This piece seemed easy in concept a month ago. I knew somehow it would be about gratitude and family; the season really calls for that kind of reflection. What I didn’t predict, which always seems to be the case with emergencies, is that for over a week we would be plagued by terribly poor air quality from someone else’s fire. Somewhere over 100 miles away, I knew a community was in pain. I have only an inkling of their loss and in some ways the magnitude of the Paradise fire makes ours seem small, something I didn’t believe possible. I thought the magnitude of our losses was unspeakable only to learn that it can be even greater. And all that reflection and humility came before the smoke.
During the smoke, as I realized it was settling in and not passing through, I felt pangs of fear as I was driving. Fear of the grey apocalyptic sky. Fear of the ash in the air. Fear of 100 miles not being far enough away. Then, the fear and responsibility of keeping our students safe.
As I rushed to learn more and understand what was happening to our community, I also thought about the 4,000-plus students we care for each day. I read at the end of it all, over a million students in the Bay Area lost school time. For us, as a basic aid district (meaning our money to run the district comes from property taxes and not from student attendance and the state), attendance is not a driving force to balance the budget. Surely, we value attendance because as educators we believe every moment counts in the learning equation. The greater issue though is always safety and as we learned more we balanced it all, air quality at home, air quality in our buildings, then took an educated guess as to the best way to keep all children in our community as safe.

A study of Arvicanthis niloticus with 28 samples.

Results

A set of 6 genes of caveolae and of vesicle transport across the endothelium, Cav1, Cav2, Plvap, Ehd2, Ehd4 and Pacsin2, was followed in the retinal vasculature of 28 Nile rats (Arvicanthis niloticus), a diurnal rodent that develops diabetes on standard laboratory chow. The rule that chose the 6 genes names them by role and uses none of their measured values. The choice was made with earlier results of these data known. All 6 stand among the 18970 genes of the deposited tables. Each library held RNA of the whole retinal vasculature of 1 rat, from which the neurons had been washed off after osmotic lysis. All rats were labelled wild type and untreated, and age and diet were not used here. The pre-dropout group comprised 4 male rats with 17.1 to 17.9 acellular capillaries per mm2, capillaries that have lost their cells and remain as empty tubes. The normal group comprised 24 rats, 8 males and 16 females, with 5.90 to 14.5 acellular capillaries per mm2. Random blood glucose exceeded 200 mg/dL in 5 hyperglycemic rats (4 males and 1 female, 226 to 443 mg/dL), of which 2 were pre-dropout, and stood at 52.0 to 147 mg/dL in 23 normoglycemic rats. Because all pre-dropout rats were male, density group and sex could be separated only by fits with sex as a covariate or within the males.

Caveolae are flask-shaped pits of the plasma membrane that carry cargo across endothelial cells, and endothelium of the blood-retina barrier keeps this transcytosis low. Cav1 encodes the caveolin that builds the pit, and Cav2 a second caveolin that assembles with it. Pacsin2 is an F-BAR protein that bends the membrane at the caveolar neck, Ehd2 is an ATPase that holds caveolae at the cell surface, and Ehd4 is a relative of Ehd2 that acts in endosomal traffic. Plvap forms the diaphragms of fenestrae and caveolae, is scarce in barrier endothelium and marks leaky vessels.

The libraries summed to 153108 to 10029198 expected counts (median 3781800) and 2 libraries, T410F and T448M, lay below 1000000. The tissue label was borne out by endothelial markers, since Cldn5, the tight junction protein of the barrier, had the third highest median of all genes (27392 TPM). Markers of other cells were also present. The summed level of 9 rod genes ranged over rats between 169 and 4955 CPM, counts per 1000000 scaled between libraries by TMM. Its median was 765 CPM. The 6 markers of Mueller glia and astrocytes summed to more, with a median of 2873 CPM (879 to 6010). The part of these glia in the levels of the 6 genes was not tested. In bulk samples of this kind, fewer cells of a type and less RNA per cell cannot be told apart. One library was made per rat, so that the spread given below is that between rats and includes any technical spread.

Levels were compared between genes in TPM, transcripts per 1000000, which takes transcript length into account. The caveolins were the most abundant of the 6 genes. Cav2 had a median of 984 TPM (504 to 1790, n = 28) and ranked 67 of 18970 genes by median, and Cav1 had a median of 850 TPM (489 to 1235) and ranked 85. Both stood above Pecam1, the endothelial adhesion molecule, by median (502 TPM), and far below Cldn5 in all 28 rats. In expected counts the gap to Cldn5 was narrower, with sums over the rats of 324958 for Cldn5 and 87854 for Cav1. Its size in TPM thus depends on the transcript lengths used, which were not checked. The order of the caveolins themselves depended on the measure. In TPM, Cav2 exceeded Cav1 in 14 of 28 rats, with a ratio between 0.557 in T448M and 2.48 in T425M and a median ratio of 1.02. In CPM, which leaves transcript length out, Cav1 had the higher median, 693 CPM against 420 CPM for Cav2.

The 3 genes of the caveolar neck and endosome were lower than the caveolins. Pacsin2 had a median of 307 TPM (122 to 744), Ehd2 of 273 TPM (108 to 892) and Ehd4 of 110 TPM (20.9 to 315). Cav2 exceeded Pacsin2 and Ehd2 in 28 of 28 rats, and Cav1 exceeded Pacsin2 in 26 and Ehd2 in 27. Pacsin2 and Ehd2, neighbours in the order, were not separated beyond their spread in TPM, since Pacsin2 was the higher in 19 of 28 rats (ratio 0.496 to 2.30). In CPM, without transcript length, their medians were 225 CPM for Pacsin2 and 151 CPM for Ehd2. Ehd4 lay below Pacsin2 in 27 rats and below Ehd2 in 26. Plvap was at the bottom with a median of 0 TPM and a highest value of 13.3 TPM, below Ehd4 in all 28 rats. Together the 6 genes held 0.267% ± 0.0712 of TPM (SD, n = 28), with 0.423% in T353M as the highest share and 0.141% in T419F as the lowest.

I appreciate the feedback from many parents who disagreed with our decision. To be sure, in cases like this one we are clear we won’t please everyone and we work from a place of safety and compassion for students, staff and families. We worked hard to make our thinking visible — to share the information we had with the community so families could be empowered to make the decisions that worked for them. For that I am grateful.
I am also grateful for the staff I am lucky enough to work with every day, who care for others as if they are family and who work hard to provide meaningful opportunities to learn and grow. I am grateful for the community who understood that not all families have the same options, that for some going to work was a necessity and that for others the schools provided safe air spaces. I am grateful for my own family who understood what felt like post-traumatic stress and helped me catch my breath, metaphorically and literally. I was grateful for the rains that contained the fire, dissipated the smoke and assured me that new fires would be harder to start any time soon.
It’s easier now to look back at the air quality issue as an opportunity to come together as a community to learn and grow with one another for the sake of all. I am grateful for that experience to see our Valley rise in the face of adversity.